The Mahdi is not only an embodiment of the Islamic belief but he is also the symbol of an aspiration cherished by mankind irrespective of its divergent religious doctrines. He is also the crystallization of an instructive inspiration through which all people, regardless of their religious affiliations, have learned to await a day when a heavenly mission, with all its implications, will achieve their final goal and the tiring march of humanity across history will culminate satisfactorily in peace and tranquillity.
This consciousness of the expected future has not been confined to those who believe in the supernatural phenomena but has also been reflected in the ideologies and cults which totally deny the existence of what is imperceptible. For example, dialectical materialism which interprets history on the basis of contradictions believes that a day will come when all contradictions will disappear and complete peace and tranquillity will prevail. Thus we find that this consciousness experienced throughout history is one of the widest and the commonest psychological experience of humanity.
The religion, when it endorses this common consciousness and stresses that in the long run this world will be filled with justice and equity after having been filled with injustice and oppression, gives it a factual value and converts it into a definite belief in the future course of humanity. This belief is not merely a source of consolation, but it is also a source of virtue and strength. It is a source of virtue because the belief in the Mahdi means the total elimination of injustice and oppression prevailing in the world. It is a source of inexhaustible strength because it provides hope which enables man to resist frustration, howsoever, hopeless and dismal the circumstances may be.
The belief in the appointed day proves that it is possible for the forces of justice to face the world filled with injustice and oppression, to prevail upon the forces of injustice and to reconstruct the world order. After all prevalence of injustice, howsoever dominant and extensive it may become, is an abnormal state and must in the long run be eliminated. The prospect of its elimination after reaching its climax, infuses a great hope in every persecuted individual and every oppressed nation that it is still possible to change the state of affairs.
Although the concept of the Mahdi is more wide spread than the Muslim community, yet its detailed features, as determined by Islam, meet more fully all the aspirations attached to it since the dawn of history. They are in greater conformity with the feelings and sentiments of the oppressed and the persecuted of all times. It is Islam which has given a concrete shape to an abstract idea. It is no longer necessary to look forward to an unknown saviour who may come into the world at a distant future.
The saviour is already here and we simply have to look for the day when the circumstances are ripe for him to appear and begin his great mission. The Mahdi is no longer an idea. He is no longer a prophecy. We need not wait for his birth. He already exists actually and we only wait for the inauguration of his role. He is a specific entity living among us in his real human form and shares our hopes and disappointments and our joys and griefs. He witnesses all the acts of oppression and persecution which are perpetrated on the face of the earth and, somehow or another, he himself is affected by them. He is anxiously awaiting the moment when he will be able to extend his helping hand to everyone whom any wrong has been done and be able to eradicate injustice and oppression completely.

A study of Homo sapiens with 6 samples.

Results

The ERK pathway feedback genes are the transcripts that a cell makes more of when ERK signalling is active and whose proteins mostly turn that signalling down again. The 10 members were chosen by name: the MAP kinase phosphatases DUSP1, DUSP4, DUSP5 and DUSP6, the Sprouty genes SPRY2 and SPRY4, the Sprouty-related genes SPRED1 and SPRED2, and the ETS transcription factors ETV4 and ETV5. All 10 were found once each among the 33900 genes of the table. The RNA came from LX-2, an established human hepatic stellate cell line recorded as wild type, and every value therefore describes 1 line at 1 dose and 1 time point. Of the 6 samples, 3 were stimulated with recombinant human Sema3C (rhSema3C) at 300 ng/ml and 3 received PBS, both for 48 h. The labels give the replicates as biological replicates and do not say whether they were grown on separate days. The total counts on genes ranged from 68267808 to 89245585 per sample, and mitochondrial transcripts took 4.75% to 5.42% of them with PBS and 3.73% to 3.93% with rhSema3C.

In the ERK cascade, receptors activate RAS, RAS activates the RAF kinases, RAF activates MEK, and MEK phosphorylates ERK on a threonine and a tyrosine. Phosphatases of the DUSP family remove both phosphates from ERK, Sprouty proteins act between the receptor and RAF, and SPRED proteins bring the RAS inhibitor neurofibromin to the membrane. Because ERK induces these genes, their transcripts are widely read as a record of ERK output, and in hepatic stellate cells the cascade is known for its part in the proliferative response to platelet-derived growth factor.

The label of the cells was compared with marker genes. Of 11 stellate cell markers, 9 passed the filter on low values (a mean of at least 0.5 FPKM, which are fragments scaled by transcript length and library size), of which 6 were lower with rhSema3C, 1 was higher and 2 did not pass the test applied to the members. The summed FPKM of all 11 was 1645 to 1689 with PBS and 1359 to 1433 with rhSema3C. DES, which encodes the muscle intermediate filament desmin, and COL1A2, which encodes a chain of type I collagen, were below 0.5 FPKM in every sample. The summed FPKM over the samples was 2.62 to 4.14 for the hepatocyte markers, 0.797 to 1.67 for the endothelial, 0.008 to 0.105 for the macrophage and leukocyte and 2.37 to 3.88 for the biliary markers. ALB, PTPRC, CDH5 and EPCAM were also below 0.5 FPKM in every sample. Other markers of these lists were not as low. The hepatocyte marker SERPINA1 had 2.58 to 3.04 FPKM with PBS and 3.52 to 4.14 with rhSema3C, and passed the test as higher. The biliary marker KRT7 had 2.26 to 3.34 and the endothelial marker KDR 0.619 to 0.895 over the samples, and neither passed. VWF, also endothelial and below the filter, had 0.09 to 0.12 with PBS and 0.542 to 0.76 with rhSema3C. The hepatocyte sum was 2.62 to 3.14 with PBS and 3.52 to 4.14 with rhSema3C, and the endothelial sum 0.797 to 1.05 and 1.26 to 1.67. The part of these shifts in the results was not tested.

Although this Awaited Saviour is living among us, waiting for the appointed moment for his advent, yet he is ordained not to proclaim himself nor to disclose his identity.
It is evident that the concept of the Mahdi, with its Islamic features, shortens the gap between the oppressed and the expected saviour. It spans the bridge between them, howsoever long the period of waiting may be.
When we are asked to believe that the Mahdi is a particular person already living a normal life, we are also expected to believe that the idea of absolute eradication of every kind of injustice and oppression by the Mahdi has already been embodied in the person of the Awaited Saviour who will reappear while he will be, as the tradition says, 'owing no allegiance to any tyrant'. The belief in him means the belief in eradication of all evils in a concrete form.
The tradition urges the believers in the Mahdi to keep on waiting for him and to continue looking forward for solace. The idea is to establish a close spiritual and intuitive link between the believers, on the one hand, and the Mahdi and all that he stands for, on the other. It is not possible to establish such a link without believing that the Mahdi has already been born and is a living and a contemporary personality.
Thus we find that the concept of the living Mahdi has given a new impetus to the idea of an expected saviour. It has made it a source of effective strength and consolation to every person suffering from deprivation and injustice, a person who rejects all forms of tyranny because he feels that his Leader, being a contemporary and a living personality and not a future idea, shares his sufferings and feels his misery.
Yet this concept, being beyond the imagination and comprehension of a number of people, has led them to adopt a negative attitude towards the very idea of the Mahdi.